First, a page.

ARI SHAPIRO, HOST:

Brazil's new president-elect, Luiz Inacio Lula da Silva, is pledging a zero tolerance policy on deforestation in the Amazon rainforest. Climate scientists are encouraged but also warn the damage may already be irreversible. With support from the U.N. Foundation, NPR's Kirk Siegler went to a remote research station in the Amazon, which itself is also threatened by illegal logging.

KIRK SIEGLER, BYLINE: The Amazon rainforest is the most biodiverse ecosystem on our planet.

(SOUNDBITE OF BIRDS CALLING)

SIEGLER: From high atop a weather station at dawn, the lush green canopy looks endless. The birds and howler monkeys are waking up. They sound like the wind.

(SOUNDBITE OF BIRDS CALLING)

SIEGLER: You could almost overlay the entire lower 48 states into the Amazon. It's huge and can feel lawless. Under right-wing Brazilian President Jair Bolsonaro, illegal logging to clear fields for cattle is rising at record levels.

RITA MESQUITA: We hop into the car when they cross.

SIEGLER: Scientists at a research camp deep in the jungle are studying how this deforestation is accelerating global climate change. Getting there is a six-hour, bone-busting ride in four-by-fours from the Amazonas capital of Manaus.

You can feel every bump in the backseat of this pickup.

(SOUNDBITE OF CHAINSAW BUZZING)

SIEGLER: Sounds of chainsaws and machetes, not from loggers but our drivers. A storm brought massive wind, toppling trees and huge rain all at once, which is unusual. So is what preceded it.

MESQUITA: Even this year, we're experiencing a extreme drought. And there are whole areas of the Amazon right now that are completely dry and communities that are completely isolated.

SIEGLER: This is Rita Mesquita, a Brazilian government scientist and our guide at Camp 41. She's dedicated her life's work to protecting the rainforest.

(SOUNDBITE OF BIRDS CALLING)

SIEGLER: The Amazon is an important carbon sink. All this jungle soaks up those harmful CO2 gases that are making the planet warm. As more of it gets chopped down, that leads to more extreme weather elsewhere, like the fires in the American West and drought back here.

MESQUITA: In this particular area where we are, we are right now in the middle of this huge dispute - if the forest is going to fall for cattle ranching or not - because, amazingly, even though we have been here for 43 years straight, people still have not gotten the message.

SIEGLER: But scientists like Mesquita see last month's presidential election in Brazil as a possible turning point.

MESQUITA: I'm very hopeful that we're going to see change and that this change is going to be positive for the Amazon. But at the same time, I still think that we lack a concrete plan for the Amazon.

SIEGLER: You hear this a lot. Until rich Western countries recognize that extreme poverty is not OK, the illegal logging and other development will continue no matter who's president. People are desperate for work.

(SOUNDBITE OF ENGINE TURNING OVER)

ROBERTO BRITO MENDONCZA: (Speaking Portuguese).

SIEGLER: This was the case until recently in an Indigenous village a day's boat ride from Manaus, along the Rio Negro River, where there are signs of change. A collection of brightly painted buildings and huts sits atop a steep riverbank.

(SOUNDBITE OF DOG BARKING)

SIEGLER: Roberto Brito Mendoncza says he's a fourth-generation logger but lately realized that what's going on in these forests is a direct threat to his people's survival.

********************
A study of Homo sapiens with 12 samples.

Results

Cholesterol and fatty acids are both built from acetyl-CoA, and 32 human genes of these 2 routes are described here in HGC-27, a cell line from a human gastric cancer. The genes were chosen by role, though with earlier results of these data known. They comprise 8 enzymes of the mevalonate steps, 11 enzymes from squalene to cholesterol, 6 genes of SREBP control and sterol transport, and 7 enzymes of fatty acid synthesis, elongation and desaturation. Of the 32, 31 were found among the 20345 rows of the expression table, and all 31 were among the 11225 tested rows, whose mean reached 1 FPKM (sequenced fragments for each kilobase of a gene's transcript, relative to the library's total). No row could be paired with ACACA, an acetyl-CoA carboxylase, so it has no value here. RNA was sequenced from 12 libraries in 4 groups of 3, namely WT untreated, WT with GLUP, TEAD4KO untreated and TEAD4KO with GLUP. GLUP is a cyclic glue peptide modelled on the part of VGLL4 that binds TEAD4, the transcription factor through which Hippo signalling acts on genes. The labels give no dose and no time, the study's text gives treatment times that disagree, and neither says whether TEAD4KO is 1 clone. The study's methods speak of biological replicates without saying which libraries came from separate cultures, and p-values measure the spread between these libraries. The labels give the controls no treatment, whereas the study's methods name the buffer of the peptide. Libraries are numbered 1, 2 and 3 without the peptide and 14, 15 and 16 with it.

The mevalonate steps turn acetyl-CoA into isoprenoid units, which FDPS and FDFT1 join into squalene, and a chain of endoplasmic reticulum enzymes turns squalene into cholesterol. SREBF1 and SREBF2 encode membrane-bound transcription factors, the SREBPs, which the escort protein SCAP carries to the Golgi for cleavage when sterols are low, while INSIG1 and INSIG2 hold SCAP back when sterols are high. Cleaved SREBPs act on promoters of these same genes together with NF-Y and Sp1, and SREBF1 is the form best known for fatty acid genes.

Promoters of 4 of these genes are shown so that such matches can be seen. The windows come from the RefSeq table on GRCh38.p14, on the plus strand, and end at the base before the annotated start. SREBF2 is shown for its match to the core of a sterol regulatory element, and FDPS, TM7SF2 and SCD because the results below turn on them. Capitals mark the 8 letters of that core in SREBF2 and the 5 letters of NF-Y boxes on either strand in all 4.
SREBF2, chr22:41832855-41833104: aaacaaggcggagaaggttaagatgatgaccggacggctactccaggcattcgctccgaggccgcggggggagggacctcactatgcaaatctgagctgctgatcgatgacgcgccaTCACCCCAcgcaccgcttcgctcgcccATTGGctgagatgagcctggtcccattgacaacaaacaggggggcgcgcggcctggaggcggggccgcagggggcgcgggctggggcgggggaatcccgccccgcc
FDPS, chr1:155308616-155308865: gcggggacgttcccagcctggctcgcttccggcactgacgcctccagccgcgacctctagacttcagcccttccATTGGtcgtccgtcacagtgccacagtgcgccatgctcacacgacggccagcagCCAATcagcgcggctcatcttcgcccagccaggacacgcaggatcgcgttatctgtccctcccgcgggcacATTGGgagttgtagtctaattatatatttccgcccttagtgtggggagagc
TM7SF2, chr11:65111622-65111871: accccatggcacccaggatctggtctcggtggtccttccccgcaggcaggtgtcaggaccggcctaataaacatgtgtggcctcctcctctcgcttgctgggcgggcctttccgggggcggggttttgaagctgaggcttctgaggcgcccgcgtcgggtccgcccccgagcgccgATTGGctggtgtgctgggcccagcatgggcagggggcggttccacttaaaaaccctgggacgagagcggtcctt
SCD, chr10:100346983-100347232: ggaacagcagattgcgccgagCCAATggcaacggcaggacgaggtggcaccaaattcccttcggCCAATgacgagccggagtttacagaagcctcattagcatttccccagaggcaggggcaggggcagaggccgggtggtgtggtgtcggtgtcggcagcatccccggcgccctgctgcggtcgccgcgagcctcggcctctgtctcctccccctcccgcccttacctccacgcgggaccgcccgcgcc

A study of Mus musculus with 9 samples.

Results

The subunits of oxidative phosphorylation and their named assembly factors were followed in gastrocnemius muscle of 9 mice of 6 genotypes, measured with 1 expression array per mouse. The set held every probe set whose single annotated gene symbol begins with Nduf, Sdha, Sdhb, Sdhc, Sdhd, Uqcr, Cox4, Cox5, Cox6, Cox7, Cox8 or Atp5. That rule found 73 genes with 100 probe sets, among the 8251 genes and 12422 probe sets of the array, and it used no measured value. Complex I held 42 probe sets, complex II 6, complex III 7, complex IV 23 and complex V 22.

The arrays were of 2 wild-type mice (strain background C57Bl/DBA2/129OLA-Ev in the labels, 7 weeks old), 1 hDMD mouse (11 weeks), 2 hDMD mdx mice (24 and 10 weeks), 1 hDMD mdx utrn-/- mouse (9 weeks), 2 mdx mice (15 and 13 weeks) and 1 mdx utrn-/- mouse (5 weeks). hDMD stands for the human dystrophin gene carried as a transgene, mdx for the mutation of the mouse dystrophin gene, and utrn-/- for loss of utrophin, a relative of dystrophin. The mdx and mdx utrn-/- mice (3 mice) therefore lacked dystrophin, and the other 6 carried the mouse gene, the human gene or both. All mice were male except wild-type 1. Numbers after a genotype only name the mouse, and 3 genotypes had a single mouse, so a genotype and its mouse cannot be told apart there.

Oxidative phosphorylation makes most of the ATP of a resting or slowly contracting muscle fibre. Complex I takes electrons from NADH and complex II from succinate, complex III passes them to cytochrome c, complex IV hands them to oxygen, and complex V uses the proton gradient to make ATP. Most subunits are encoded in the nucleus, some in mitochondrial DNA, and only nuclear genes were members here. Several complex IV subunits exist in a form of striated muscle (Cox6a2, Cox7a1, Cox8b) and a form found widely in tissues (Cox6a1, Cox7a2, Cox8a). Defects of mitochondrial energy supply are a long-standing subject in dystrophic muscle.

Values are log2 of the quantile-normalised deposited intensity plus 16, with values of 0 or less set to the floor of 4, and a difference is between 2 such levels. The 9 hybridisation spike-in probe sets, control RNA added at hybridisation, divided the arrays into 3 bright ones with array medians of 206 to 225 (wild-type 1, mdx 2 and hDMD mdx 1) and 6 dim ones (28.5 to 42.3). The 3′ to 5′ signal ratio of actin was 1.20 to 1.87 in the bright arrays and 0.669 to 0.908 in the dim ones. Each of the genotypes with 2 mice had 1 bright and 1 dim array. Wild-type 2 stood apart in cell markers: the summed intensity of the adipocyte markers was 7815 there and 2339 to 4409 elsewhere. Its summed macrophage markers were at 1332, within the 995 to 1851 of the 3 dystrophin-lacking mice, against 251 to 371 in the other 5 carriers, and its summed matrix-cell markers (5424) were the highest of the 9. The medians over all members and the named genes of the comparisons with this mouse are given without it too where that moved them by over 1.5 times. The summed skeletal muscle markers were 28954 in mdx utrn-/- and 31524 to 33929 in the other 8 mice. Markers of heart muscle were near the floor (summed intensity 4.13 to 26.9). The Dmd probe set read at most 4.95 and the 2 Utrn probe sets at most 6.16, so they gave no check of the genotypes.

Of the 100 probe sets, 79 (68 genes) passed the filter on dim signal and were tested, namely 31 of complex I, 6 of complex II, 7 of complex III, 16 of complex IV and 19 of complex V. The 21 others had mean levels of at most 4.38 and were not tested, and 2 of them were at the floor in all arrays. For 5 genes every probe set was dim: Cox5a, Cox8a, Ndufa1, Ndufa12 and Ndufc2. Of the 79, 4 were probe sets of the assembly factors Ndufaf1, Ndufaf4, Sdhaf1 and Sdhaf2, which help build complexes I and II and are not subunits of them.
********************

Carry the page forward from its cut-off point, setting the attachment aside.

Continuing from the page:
BRITO MENDONCZA: (Speaking Portuguese).

SIEGLER: "My grandparents knew basically everything about the seasons," he says. Today we can't predict anything. Summers are 10 degrees hotter. It's smoky. Droughts come every couple of years instead of every 30.

BRITO MENDONCZA: (Speaking Portuguese).

SIEGLER: With the help of an NGO, Mendoncza stopped logging and is transforming this village into an ecotourism destination.

UNIDENTIFIED CHILD: (Speaking Portuguese).

SIEGLER: The jungle surrounding it is now protected as a sustainable forest reserve, allowing for some small-scale logging and farming. Locals sell artisan products. Julia Freitas with the Foundation for Amazon Sustainability wants to replicate this model across the Amazon.

JULIA FREITAS: We believe that we cannot attack the deforestation problem if we don't give the people that lives in the forest the possibility of living with a high quality of life.

SIEGLER: And there's hope that incoming President Luiz Inacio Lula da Silva will be more friendly toward Indigenous rights. He's also expected to restore funding for environmental agencies that were gutted under Bolsonaro. A string of murders of Brazilian environmental enforcers in this jungle drew international headlines.

(CROSSTALK)

SIEGLER: At a reception in Manaus, I meet Carlos Travassos, who's taking over for one of the men recently killed.

CARLOS TRAVASSOS: (Speaking Portuguese).

SIEGLER: "I've been working to protect isolated Indigenous people for 14 years. It's always been risky," he says. Criminals felt emboldened under Bolsonaro, and enforcers like Travassos are still way outnumbered. But he won't give up.

TRAVASSOS: (Speaking Portuguese).

SIEGLER: "Soon," he promises, "there will be an army of forest guardians fighting to save the Amazon." Kirk Siegler, NPR News, Manaus, Brazil.

(SOUNDBITE OF BADBADNOTGOOD'S "TIMID, INTIMIDATING") Transcript provided by NPR, Copyright NPR.

Kirk Siegler
As a correspondent on NPR's national desk, Kirk Siegler covers rural life, culture and politics from his base in Boise, Idaho.